Patterson identifies the Day of the Lord as the primary theme of Zephaniah. He dates it early in Josiah’s reign, at a time where there was much syncretism. Zephaniah writes not just to inform people about God’s future program, but to exhort them to surrender to God, to repent and seek him.
On Zeph 1, Patterson explains that “the Day of the Lord” refers to that time when, for his glory and in accordance with his purposes, God intervenes in human affairs to execute judgment against sin and/or deliver his people. The people of Judah were behaving like pagans. Patterson sees a partial fulfilment of these prophecies in Jerusalem’s fall in 586BC, with other elements being fulfilled in various historical epochs (e.g. A.D. 70). Patterson draws out a challenge for Christians not to sit idly by as a lost world heads towards the day of the Lord.
Zeph 2 includes themes of a godly remnant, of judgment and hope, the seriousness of sin and the sovereignty of God. Much of the fault for the nations disobedience could be accounted to the leadership’s failure to encourage the fear of the Lord (Zeph 3:1-7).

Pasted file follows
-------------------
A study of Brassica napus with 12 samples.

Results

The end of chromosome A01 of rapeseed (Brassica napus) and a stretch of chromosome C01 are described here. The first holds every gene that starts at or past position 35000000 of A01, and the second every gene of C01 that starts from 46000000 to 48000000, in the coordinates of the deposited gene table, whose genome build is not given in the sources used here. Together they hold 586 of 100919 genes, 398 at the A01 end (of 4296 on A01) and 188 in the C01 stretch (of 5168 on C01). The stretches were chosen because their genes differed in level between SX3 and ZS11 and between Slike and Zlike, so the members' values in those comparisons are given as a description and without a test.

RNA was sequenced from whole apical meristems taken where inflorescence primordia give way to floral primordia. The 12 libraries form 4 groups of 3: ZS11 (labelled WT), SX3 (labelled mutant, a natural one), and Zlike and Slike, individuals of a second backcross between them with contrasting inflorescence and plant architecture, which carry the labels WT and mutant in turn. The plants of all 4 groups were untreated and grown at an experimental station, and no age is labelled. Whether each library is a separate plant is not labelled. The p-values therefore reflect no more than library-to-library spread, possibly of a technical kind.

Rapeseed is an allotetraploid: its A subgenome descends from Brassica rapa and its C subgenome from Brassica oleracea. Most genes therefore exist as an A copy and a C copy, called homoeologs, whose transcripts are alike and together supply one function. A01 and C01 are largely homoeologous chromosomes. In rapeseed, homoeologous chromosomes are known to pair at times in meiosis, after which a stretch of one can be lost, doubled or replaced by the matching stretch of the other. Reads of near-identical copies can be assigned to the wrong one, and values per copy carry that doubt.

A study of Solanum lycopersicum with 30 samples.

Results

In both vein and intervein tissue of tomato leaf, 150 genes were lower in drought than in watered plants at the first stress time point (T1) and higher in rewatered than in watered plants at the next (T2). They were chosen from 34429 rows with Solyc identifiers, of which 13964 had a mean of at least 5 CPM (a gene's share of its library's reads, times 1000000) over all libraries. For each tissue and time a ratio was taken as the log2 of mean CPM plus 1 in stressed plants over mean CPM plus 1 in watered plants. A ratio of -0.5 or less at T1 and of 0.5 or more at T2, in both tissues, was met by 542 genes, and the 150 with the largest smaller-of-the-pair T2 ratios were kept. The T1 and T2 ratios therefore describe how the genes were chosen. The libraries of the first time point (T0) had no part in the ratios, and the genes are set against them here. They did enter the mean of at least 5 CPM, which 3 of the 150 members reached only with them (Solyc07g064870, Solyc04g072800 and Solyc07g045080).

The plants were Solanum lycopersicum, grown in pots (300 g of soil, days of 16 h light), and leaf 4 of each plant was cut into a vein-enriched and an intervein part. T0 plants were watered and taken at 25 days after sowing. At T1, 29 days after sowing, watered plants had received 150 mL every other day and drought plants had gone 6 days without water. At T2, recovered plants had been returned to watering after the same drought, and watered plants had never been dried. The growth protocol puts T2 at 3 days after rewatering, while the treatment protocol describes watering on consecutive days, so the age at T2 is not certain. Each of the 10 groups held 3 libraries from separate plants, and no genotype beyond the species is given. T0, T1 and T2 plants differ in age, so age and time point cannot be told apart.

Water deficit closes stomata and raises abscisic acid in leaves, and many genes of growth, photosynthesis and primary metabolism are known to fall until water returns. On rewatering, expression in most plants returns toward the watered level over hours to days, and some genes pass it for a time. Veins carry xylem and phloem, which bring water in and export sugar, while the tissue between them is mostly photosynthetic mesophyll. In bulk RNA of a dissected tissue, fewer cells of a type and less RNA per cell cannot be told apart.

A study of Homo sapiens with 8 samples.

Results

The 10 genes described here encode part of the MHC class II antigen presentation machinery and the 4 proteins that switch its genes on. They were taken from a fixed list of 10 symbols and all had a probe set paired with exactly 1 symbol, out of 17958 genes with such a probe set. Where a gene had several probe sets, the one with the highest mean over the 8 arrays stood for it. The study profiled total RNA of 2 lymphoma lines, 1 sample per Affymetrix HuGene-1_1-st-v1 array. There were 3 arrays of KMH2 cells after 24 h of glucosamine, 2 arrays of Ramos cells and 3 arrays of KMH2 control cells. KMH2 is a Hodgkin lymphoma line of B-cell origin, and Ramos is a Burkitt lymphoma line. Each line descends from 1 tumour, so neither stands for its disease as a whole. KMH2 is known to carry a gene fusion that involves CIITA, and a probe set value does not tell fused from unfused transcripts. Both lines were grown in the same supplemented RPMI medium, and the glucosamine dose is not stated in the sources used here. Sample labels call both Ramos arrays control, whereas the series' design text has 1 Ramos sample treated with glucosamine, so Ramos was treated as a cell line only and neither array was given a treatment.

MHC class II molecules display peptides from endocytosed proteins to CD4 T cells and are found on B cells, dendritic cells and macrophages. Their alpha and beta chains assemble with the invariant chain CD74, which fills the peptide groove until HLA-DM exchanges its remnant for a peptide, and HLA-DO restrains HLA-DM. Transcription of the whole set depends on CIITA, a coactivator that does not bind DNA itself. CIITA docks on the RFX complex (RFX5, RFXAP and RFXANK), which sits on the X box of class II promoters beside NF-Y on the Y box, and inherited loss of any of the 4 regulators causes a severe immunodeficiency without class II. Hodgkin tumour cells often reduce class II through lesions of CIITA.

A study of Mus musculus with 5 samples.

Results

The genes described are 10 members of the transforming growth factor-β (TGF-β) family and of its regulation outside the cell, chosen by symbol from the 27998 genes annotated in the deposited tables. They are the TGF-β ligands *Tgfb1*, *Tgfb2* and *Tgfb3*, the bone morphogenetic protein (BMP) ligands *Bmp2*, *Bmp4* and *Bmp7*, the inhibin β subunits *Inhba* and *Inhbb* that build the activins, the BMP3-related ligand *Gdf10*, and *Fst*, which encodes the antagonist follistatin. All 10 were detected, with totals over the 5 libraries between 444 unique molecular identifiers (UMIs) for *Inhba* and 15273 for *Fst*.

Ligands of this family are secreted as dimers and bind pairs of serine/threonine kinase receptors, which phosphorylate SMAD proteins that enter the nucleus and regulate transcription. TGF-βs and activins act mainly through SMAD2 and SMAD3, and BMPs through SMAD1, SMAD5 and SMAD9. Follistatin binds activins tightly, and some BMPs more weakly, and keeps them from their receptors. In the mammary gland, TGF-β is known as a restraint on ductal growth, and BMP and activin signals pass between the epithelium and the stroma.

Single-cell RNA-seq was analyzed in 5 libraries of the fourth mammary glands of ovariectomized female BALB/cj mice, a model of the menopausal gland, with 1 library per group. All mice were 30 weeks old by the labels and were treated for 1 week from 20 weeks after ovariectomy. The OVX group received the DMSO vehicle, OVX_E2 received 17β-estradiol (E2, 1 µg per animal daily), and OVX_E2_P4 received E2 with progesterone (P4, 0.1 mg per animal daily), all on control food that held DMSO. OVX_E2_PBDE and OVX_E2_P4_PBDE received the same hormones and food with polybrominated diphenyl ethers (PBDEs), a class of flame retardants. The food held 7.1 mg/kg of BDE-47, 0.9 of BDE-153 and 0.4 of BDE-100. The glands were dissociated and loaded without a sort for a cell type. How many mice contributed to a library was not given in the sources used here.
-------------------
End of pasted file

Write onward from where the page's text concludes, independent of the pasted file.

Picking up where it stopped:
Zeph 3:8-20 is a passage of hope for the remnant – God will deem his people’s punishment completed and bring them happiness as their ultimate good. I was somewhat surprised, and a little disappointed, to note that Patterson passes over Zeph 3:17 with barely any comment – a curious omission considering this is one of the most cherished verses in the Bible. Indeed, his comments on this section are more focused on the “divine shepherd”, but he fails to explain which verse(s) in particular he finds this motif in.
This is, I suppose, both a strength and weakness of the CBC series. It is brief enough to be useful to those without the time or inclination to engage with every exegetical option, and can be relied upon to provide some pertinent observations on the contemporary relevance of the major themes of the passage. However, its brevity means that several potentially fruitful theological avenues will inevitably be left unexplored.